Edsall I (DD-219)
Norman Eckley Edsall, born on 3 June 1873 in Columbus, Ky., enlisted in the Navy on 27 June 1898. While serving in the cruiser Philadelphia, Seaman Edsall went ashore with a landing party on 1 April 1899 to suppress hostile natives near Apia, Samoa. He was killed attempting to carry his wounded commander to safety, and is buried on Samoa.
(DD-219: displacement 1,308 (full load); length 314'4.5"; beam 30'11.5"; draft 9'4" (mean); speed 32.50 knots (trial); complement 122; armament 4 4-inch, 1 3-inch, 12 21-inch torpedo tubes; class Clemson)
The first Edsall (Destroyer No. 219) was laid down on 15 September 1919 at Philadelphia, Pa., by William Cramp & Sons; reclassified as DD-219 on 17 July 1920; launched on 29 July 1920; sponsored by Mrs. Bessie Edsall Bracey, sister of Seaman Edsall; and commissioned on 26 November 1920, Cmdr. Arthur H. Rice, Jr., in command.
Edsall sailed from Philadelphia on 6 December 1920 for San Diego, Calif., on her shakedown. She arrived at San Diego on 11 January 1921 and remained on the west coast until December, engaging in battle practice and gunnery drills with fleet units. Returning to Charleston, S.C., on 28 December, Edsall was ordered to the Mediterranean and departed 26 May 1922.
Arriving at Constantinople on 28 June 1922, Edsall joined the U.S. Naval Detachment in Turkish Waters to protect American lives and interests. The Near East writhed in turmoil with civil strife in Russia and Greece at war with Turkey.
She did much for international relations by helping nations to alleviate postwar famine in eastern Europe, evacuating refugees, furnishing a center of communications for the Near East, and all the while standing by for emergencies. When the Turks set fire to Smyrna (Izmir), Edsall was one of the American destroyers who evacuated thousands of Greeks. On 14 September 1922 she took 607 refugees off Litchfield (DD-336) in Smyrna and transported them to Salonika, returning to Smyrna on 16 September to act as flagship for the naval forces there. In October she carried refugees from Smyrna to Mytilene on Lesvosis. She made repeated visits to ports in Turkey, Bulgaria, Russia, Greece, Egypt, Palestine, Syria, Tunisia, Dalmatia, and Italy, yet managed to keep up gunnery and torpedo practice with her sisters until her return to Boston for overhaul on 26 July 1924.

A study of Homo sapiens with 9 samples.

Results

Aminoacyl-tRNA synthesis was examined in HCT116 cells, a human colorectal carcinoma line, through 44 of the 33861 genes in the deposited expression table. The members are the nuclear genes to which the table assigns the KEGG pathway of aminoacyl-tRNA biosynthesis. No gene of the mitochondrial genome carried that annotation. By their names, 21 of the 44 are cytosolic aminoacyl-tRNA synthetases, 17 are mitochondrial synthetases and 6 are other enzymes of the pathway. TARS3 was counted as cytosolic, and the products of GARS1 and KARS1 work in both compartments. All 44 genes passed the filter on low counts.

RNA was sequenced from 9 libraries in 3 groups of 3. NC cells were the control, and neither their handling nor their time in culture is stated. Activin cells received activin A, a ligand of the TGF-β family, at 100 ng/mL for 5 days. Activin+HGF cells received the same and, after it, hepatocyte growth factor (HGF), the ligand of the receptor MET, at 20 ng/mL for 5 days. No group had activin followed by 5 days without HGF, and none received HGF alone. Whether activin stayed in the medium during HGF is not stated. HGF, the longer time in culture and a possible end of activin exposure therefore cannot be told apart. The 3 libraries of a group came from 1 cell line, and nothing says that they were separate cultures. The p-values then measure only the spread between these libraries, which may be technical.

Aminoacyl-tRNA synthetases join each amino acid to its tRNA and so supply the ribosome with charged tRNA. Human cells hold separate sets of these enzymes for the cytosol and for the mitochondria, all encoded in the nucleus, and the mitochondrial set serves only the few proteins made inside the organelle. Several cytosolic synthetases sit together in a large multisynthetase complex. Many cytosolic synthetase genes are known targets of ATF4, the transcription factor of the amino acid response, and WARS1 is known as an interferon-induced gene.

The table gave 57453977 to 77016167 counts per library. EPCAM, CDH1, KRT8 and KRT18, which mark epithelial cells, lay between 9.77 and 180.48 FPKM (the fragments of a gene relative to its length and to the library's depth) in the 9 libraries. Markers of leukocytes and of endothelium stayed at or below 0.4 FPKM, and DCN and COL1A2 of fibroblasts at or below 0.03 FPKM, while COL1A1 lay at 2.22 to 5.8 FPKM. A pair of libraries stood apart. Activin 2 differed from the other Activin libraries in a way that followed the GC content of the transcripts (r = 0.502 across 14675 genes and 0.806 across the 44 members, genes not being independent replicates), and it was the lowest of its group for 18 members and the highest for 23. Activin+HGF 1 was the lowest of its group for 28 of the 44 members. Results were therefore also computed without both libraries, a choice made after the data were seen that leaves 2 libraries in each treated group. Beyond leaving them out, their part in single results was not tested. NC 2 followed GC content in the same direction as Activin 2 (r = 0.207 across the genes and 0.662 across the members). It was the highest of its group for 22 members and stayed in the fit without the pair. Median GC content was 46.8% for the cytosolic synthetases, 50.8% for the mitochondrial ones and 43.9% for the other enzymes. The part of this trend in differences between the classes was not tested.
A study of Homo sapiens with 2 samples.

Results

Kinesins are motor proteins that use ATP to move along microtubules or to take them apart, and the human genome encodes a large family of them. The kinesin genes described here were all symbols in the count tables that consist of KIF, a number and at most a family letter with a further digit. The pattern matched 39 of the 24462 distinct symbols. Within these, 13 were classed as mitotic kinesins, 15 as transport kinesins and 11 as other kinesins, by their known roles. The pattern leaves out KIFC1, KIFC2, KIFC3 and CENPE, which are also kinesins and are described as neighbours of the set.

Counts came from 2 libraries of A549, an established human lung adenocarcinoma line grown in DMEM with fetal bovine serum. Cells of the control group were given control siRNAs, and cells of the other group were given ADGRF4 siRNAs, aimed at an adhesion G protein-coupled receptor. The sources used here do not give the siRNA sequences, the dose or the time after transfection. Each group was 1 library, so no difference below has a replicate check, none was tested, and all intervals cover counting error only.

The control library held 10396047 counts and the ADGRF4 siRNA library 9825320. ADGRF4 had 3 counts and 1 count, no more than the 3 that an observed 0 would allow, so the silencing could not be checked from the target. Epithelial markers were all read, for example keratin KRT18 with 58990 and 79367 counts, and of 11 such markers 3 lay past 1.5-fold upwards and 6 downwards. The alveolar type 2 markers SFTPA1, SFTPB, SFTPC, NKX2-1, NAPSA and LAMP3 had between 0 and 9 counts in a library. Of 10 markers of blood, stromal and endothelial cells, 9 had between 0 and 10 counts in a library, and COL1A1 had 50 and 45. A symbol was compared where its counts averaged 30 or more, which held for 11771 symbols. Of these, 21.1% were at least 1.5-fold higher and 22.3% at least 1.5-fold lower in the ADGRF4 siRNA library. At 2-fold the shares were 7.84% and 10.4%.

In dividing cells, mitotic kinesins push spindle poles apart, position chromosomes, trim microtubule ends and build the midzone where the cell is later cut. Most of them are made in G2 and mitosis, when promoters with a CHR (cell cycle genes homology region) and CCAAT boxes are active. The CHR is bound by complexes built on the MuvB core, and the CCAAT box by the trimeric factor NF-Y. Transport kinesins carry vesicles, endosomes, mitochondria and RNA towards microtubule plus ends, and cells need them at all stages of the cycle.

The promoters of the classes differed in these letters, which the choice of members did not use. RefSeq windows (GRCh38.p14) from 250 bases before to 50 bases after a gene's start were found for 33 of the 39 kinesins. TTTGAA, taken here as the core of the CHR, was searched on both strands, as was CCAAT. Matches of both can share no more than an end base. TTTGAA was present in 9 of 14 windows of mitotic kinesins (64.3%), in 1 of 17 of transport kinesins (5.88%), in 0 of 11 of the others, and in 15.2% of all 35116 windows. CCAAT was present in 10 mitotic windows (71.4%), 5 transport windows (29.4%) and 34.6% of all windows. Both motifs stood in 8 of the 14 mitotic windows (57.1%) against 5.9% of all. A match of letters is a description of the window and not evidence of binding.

Edsall sailed for the Asiatic Station on 3 January 1925, joining in battle practice and maneuvers at Guantanamo Bay, San Diego, and Pearl Harbor before arriving at Shanghai, on 22 June. She was to become a fixture of the U.S. Asiatic Fleet on the China coast, in the Philippines and Japan. Her primary duty was protection of American interests in the Far East, expanding constantly since acquisition of the Philippines. She was faithful guardian through civil war in China, and the Sino-Japanese War. Battle practice, maneuvers and diplomacy took her most frequently to Shanghai, Chefoo, Hankow, Hong Kong, Nanking, Kobe, Bangkok, and Manila.
When the Japanese attacked Pearl Harbor on 7 December 1941 Edsall -- Lt. Joshua J. Nix in command -- readied for action with DesDiv 57 at the southeast Borneo oil port of Balikpapan. She raced to Singapore, embarked a British liaison officer and four men to search for survivors of the British battleship HMS Prince of Wales and the battle cruiser HMS Repulse, sunk off Malaya the 10th. She intercepted a Japanese fishing trawler with four small boats in tow and escorted them into Singapore. She joined heavy cruiser Houston (CA-30) at Surabaya, Java, to escort shipping retiring to the relative safety of Darwin, Australia. While so serving, she became the first U.S. destroyer to sink an enemy submarine in World War II. With three Australian corvettes, Edsall sent I-124 to the bottom on 20 January 1942 off Darwin.
Continuing to escort convoys in a race against time, Edsall was damaged when one of her own depth charges exploded prematurely during an antisubmarine attack on 19 February 1942. She gamely continued to operate off Java, then on 26 February steamed from Tjilatjap to rendezvous with the seaplane tender Langley (AV-3). The 27th, the seaplane tender and escorts Edsall and Whipple (DD-217) were attacked by nine large twin-engine bombers which damaged the Langley so badly she had to be abandoned.
Edsall picked up 177 survivors, Whipple 308. On the 28th the two destroyers rendezvoused with Pecos (AO-6) off Flying Fish Cove, Christmas Island. More Japanese bombers forced Edsall to leave before transferring all Langley men, but she completed the job on 1 March, then headed back to Tjilatjap. She never arrived. The gallant old destroyer fought a hopeless action against Japanese battleships Hiei and Kirishima, who sank her on the afternoon of 1 March 1942.
Edsall received two battle stars for her World War II service.